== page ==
How badly did Tsuyoshi Nishioka want to quit playing baseball in America?
Bad enough that he told the Minnesota Twins on Friday that they could keep the $3.25 million the team still owed him if it released him from his contract.
It's unclear if any members of the Twins front office blew any horns or popped any champagne upon receiving that request, but the answer was a no-doubt-about-it "yes." The imported second baseman has been an unmitigated disaster ever since he signed with the team before the 2011 season.
Though Nishioka had his 2011 interrupted by a broken leg last season, the 28-year-old was awful when he did find the lineup and he was also a defensive liability in the infield. He hit .215/.267/.236 with zero homers and 20 RBIs over 71 combined games over the two seasons and spent most of 2012 playing at Triple-A Rochester. His only big-league playing time this season came in three games at the beginning of August before he was demoted again. That had to be tough for someone who was a five-time All-Star and three-time Gold Glove winner with the Chiba Lotte Marines, but he simply wasn't getting the job done.
The Twins have already paid over $11 million for Nishioka's two seasons and negotiating rights. They'll save the $3 million he was owed for 2013 and the $250,000 it would have cost to buy out his option for 2014.
Here's what Nishioka said in a statement:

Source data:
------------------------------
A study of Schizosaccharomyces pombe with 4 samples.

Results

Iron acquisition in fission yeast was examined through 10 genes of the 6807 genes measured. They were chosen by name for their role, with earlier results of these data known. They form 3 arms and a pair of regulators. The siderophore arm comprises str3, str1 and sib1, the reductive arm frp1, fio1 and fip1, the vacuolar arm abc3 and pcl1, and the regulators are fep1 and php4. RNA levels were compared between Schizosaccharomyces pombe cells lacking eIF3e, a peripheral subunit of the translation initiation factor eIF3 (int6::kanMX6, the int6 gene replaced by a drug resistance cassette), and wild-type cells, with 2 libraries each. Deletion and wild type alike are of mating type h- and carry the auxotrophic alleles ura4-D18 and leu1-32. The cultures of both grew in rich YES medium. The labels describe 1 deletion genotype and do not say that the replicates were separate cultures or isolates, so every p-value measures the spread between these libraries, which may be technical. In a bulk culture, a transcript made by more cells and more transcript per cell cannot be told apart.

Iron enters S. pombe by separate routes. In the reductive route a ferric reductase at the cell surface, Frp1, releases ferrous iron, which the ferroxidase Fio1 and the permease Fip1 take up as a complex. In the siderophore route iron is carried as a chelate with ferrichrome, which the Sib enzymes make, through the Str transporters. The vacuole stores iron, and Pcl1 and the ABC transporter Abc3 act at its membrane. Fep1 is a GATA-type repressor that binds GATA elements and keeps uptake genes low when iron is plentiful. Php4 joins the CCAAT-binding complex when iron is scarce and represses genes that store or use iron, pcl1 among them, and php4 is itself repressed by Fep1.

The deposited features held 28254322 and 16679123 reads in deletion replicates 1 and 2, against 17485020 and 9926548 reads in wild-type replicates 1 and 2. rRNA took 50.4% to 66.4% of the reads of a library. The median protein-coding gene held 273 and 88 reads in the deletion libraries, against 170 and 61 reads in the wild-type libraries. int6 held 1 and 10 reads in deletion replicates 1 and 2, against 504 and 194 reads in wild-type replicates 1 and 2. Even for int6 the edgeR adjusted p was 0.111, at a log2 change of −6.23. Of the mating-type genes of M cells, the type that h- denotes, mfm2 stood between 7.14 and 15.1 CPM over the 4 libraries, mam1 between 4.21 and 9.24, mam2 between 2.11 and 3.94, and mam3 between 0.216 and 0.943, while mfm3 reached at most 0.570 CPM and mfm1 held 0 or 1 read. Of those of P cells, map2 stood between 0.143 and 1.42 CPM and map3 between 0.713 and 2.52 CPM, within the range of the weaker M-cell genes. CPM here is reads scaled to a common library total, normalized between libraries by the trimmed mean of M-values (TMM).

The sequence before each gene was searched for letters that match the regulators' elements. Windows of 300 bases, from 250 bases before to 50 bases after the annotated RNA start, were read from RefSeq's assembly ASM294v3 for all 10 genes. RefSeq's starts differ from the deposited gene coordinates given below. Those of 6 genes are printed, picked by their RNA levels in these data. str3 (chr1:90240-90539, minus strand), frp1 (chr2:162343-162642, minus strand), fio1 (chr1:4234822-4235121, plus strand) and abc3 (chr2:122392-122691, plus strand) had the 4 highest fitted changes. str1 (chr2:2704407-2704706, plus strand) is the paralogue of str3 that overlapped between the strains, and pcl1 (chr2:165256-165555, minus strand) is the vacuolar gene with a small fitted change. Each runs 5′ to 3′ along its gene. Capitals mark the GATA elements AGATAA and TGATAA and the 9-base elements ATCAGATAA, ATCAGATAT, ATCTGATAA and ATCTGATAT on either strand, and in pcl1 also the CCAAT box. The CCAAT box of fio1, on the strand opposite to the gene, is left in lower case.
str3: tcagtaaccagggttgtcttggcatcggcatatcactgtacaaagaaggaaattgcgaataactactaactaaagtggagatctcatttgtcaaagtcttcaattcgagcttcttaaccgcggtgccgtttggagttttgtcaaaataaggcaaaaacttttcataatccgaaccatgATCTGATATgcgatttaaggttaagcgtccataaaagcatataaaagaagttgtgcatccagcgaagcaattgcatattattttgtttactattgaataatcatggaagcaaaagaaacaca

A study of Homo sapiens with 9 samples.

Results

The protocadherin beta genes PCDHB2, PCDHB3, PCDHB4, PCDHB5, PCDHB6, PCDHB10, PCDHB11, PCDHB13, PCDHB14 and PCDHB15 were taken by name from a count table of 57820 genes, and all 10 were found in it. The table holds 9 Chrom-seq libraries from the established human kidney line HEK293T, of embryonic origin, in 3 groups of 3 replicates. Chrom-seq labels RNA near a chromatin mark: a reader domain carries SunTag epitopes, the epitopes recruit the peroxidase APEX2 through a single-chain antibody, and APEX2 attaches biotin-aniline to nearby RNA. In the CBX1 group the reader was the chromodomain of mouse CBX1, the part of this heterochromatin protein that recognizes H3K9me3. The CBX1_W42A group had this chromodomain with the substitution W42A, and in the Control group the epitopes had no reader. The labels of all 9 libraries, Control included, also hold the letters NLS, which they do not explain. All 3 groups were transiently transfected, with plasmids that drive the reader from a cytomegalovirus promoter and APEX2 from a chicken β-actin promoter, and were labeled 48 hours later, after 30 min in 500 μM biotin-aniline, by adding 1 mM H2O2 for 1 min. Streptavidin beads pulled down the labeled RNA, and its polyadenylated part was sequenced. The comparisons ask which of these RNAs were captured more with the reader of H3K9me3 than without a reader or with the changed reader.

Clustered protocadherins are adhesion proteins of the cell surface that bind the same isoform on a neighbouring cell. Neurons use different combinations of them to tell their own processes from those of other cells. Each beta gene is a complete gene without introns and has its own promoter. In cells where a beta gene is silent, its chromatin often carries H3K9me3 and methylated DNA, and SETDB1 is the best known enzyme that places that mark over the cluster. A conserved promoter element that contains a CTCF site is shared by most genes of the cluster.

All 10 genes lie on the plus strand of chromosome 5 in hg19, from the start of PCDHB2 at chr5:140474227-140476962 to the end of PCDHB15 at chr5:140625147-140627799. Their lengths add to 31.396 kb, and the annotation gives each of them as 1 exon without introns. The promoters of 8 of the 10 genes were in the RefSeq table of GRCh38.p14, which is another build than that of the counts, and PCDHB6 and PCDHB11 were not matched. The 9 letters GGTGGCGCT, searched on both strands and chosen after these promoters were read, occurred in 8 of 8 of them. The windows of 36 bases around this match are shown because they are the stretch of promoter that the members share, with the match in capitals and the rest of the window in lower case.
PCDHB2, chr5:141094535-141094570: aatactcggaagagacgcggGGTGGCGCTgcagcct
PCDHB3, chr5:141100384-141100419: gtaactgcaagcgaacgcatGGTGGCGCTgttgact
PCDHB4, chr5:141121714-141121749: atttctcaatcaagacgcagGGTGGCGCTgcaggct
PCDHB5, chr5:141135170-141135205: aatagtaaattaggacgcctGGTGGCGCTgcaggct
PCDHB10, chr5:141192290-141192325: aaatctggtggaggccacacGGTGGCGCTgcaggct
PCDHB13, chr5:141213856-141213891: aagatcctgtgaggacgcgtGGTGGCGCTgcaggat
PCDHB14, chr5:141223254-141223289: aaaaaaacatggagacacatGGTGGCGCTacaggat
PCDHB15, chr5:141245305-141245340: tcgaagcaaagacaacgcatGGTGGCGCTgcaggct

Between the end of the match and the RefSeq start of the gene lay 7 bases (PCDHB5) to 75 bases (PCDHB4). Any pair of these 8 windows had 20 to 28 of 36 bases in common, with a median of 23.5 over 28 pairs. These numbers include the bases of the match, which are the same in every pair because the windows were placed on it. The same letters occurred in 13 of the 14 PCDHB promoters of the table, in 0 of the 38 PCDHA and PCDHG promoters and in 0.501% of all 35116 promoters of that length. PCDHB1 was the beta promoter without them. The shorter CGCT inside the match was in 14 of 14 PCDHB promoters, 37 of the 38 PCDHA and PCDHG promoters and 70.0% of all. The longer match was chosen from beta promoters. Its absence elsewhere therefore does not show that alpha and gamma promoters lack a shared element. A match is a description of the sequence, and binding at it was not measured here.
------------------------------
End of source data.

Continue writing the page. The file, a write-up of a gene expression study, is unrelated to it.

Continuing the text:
"I would like to thank the Twins organization for helping me fulfill my dream of playing in Major League Baseball. I take full responsibility for my performance, which was below my own expectations. At this time, I have made the decision that it is time to part ways. I have no regrets and know that only through struggle can a person grow stronger. I appreciate all the support the team and the fans in Minnesota and Rochester have shown me. Arigatou gozaimasu (Thank you very much)."
This isn't the first time that we've seen a player choose pride over a guaranteed paycheck worth millions. Back in 2011, Gil Meche told the Kansas City Royals that he could not possibly accept the $12 million they were legally obligated to pay him and decided to retire instead. The big difference here is that Nishioka will presumably try and give baseball another go in Japan, though you still have to commend him for his decision to admit that his great American experience just wasn't working out.
So that's that, I suppose. Nishioka will likely head back to his homeland, leaving a multitude of Boston Red Sox fans to wonder one thing: Why couldn't Daisuke Matsuzaka have done the same?